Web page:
So I know some of you just read that twice. Sounds weird, doesn't it? But it's true! I saw it on a nature program this week.
Apparently, there are a lot of fur seals off the coast of southern Africa. And there are also hyenas in southern Africa. So the hyenas prey on the fur seals on a regular basis.
I know a fair bit about the animal kingdom, but this was something that never occurred to me. And it just felt wrong. This is how it goes in my head:
Right? I mean putting the two together is just wrong, wrong, wrong.
But if you think about it, it makes sense. Go far enough south, you'll end up with cooler weather, and if you walk across the land, you will eventually hit the sea.
Normally I don't think of myself as someone who likes to put things in boxes, but this made me wonder. How often do I see the world as neatly compartmentalized for my convenience? How often do I ignore the way that all life flows in and out of each other?
Like north turning into south turning into north again. Like hyenas eating seals.
It's funny when it happens with animals. But how often do I do it with people? How often do I put people in neatly labeled files? "Person-Who-Voted-For-Someone-I-Don't-Like" "Grumpy-Jerk-At-Work" "Stupid-Driver-Who-Cut-Me-Off".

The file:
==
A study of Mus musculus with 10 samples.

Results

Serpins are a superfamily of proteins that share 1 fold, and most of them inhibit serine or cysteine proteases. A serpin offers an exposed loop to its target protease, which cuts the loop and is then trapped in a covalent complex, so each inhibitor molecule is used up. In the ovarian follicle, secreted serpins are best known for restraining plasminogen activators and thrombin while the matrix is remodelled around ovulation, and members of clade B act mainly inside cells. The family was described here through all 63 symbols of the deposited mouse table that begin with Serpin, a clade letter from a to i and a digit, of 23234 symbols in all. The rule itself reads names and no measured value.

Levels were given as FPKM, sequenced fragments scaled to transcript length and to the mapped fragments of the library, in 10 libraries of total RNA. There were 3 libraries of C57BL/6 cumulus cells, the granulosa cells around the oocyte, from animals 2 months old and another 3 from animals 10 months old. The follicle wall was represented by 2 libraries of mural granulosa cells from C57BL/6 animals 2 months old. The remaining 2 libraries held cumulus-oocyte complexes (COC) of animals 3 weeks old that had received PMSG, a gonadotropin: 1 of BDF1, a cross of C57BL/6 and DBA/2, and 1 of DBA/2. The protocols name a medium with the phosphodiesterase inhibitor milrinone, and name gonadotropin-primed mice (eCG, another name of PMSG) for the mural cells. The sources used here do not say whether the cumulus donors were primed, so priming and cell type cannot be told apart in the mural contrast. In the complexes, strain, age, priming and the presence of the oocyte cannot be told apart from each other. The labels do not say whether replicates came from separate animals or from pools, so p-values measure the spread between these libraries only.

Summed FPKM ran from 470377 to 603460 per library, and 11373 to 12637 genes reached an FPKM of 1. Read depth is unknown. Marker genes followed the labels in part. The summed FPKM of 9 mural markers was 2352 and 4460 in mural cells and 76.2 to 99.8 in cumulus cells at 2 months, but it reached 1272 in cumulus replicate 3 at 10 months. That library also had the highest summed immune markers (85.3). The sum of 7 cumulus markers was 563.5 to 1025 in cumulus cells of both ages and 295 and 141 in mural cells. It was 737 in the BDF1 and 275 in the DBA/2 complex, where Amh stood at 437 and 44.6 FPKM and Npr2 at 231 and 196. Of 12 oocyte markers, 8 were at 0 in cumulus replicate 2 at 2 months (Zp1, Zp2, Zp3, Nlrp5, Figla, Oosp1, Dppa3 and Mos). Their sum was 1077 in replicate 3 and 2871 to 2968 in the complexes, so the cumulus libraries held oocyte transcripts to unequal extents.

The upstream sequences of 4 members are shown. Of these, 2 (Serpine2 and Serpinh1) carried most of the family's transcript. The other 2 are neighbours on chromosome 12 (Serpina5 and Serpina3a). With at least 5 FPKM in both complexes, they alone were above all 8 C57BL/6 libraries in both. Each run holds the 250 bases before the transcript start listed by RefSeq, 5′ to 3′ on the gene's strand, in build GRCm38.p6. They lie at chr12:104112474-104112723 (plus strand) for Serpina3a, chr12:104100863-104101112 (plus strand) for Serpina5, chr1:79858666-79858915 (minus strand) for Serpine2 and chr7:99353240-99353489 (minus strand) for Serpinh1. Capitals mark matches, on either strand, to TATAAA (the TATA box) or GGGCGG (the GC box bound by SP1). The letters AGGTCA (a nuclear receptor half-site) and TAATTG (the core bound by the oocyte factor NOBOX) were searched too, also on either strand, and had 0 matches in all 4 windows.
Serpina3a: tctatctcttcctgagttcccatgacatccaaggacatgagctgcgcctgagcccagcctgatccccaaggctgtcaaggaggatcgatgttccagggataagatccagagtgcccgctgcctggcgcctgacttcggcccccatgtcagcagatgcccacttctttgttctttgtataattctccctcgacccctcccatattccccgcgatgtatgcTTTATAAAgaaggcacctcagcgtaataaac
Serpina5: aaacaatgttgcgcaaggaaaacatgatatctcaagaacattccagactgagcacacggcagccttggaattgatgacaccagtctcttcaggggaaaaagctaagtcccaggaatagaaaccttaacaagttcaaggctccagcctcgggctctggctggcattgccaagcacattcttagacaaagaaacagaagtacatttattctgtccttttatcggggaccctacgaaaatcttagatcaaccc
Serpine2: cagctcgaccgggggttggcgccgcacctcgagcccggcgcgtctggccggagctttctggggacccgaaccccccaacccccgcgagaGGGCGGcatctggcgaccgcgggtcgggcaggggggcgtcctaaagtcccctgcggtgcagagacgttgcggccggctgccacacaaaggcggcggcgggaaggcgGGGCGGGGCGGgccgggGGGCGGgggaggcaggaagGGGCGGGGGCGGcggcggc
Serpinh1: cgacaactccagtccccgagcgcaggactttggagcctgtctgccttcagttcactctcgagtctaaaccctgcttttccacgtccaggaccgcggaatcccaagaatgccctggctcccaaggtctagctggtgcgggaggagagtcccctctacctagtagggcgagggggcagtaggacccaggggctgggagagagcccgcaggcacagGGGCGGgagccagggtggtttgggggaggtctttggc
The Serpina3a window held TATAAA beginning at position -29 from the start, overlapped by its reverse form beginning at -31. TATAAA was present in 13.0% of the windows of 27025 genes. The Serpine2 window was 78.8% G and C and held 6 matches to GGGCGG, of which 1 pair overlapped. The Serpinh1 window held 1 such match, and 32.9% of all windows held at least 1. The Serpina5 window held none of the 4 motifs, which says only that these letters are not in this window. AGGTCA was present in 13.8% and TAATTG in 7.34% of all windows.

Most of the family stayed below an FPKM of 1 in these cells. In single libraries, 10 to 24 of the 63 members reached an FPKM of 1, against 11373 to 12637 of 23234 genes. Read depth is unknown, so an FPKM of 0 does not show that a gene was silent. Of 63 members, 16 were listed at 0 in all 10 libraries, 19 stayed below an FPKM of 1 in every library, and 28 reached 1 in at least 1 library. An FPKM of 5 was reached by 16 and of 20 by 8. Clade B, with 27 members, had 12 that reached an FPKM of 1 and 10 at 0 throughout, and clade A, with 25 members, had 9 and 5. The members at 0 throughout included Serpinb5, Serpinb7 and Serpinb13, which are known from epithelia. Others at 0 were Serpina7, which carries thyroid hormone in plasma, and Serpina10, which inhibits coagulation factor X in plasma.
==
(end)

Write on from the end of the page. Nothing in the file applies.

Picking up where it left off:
And the list of labels is endless. Ignorant, dumb, inconsiderate, lazy, hateful, intolerant, permissive, whining, uncaring, bad work ethic, stuck-up... All the ways we describe people "not like us".
How often do I do it? More than I like to admit, that's for sure.
Is it possible we are all closer than we like to think? An old man who lost his home as a child and spent the rest of his life in a Palestinian refugee camp and an Israeli child whose parents died in a bombing, how close are they on a map of the human heart?
(I realize that's a politically charged example. But I'm not talking about politics, I'm talking about people and individual human experience.)
We don't have to agree with everything everyone does. (Nor should we.) And people are capable of all manner of dumb, mean and downright evil acts. But I do think we divide the world into us and them at our peril. If we do that, we deny "them" the right to feel grief, joy and confusion as great as our own. And we forget that we are not immune to darkness.
It's also bad for us as writers. As writers we must resist the urge to box up life neatly. Writers and artists are people who follow the north-south line, who go far enough to see how close people really are.
And then we go out and tell others about it.